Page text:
Metabolic syndrome in Egyptian patients with vitiligo: a case–control study


Background

Metabolic syndrome (MS) is a complex of interrelated risk factors for cardiovascular diseases, diabetes mellitus, and stroke. Vitiligo is an acquired depigmenting skin disease of unknown origin and multifactorial pathogenesis. There is growing evidence that vitiligo can also be related to systemic inflammatory disorders such as obesity and MS.

Objective

To clarify the association of vitiligo with chronic vascular and metabolic disorders that constitute MS.

Patients and methods

A case–control study was carried out on 102 vitiligo patients and 89 age-matched and sex-matched healthy controls. MS and its individual components (abdominal obesity, hypertension, insulin resistance, and dyslipidemia) were compared between cases and controls.

Results

BMI, waist circumference (WC), and serum triglycerides (TGs) were significantly lower in the patient group than the control group, whereas diastolic blood pressure, serum high-density lipoprotein cholesterol, serum fasting insulin, and insulin resistance were significantly higher in the patient group than the control group. There were no significant differences between cases and controls regarding systolic blood pressure, fasting blood glucose, and number of patients having MS. Serum fasting insulin was significantly the highest in patients with acrofacial vitiligo compared with other types of vitiligo. Patients with MS had significantly higher mean age, disease duration, Vitiligo Area Scoring Index (disease severity), and insulin resistance compared with patients without MS. Age, serum TGs, body weight, BMI, WC, and insulin resistance showed significant positive correlations with Vitiligo Area Scoring Index (disease severity).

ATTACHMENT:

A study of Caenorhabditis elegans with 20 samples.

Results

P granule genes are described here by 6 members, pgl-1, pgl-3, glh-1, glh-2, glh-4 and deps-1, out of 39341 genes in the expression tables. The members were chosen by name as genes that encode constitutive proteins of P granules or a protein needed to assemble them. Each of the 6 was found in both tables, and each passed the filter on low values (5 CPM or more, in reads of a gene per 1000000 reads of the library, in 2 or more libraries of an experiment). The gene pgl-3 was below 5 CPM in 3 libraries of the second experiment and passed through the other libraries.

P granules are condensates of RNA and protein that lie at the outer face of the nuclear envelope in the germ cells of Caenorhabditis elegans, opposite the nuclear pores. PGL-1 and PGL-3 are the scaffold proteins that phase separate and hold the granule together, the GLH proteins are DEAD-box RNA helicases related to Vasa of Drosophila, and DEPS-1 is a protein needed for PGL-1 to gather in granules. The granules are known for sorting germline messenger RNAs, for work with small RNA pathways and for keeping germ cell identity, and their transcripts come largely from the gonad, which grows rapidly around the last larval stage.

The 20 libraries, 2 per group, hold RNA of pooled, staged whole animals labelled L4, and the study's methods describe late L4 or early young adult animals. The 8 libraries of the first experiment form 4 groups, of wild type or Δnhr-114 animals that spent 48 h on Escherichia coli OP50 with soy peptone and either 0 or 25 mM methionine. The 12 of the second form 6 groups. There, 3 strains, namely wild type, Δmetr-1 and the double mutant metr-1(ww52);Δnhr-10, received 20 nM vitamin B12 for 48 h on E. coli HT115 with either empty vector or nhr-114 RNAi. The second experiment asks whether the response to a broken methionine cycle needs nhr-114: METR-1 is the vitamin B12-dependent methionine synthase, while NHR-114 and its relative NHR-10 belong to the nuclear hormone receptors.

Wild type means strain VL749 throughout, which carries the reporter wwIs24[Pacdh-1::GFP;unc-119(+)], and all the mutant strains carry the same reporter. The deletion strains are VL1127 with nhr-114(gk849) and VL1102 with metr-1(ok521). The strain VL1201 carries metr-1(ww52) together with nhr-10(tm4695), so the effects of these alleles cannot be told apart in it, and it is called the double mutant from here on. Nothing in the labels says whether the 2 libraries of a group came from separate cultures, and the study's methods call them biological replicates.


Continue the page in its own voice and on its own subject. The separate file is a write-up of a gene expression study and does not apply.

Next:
Conclusion

Vitiligo patients showed a better lipid profile, with higher levels of high-density lipoprotein cholesterol and lower TGs and WC values. In patients with vitiligo, increased insulin levels and insulin resistance may be related to other mechanisms than obesity, such as production of cytokines or autoimmune reaction to melanocytes. Further large-scale studies are needed to confirm these findings.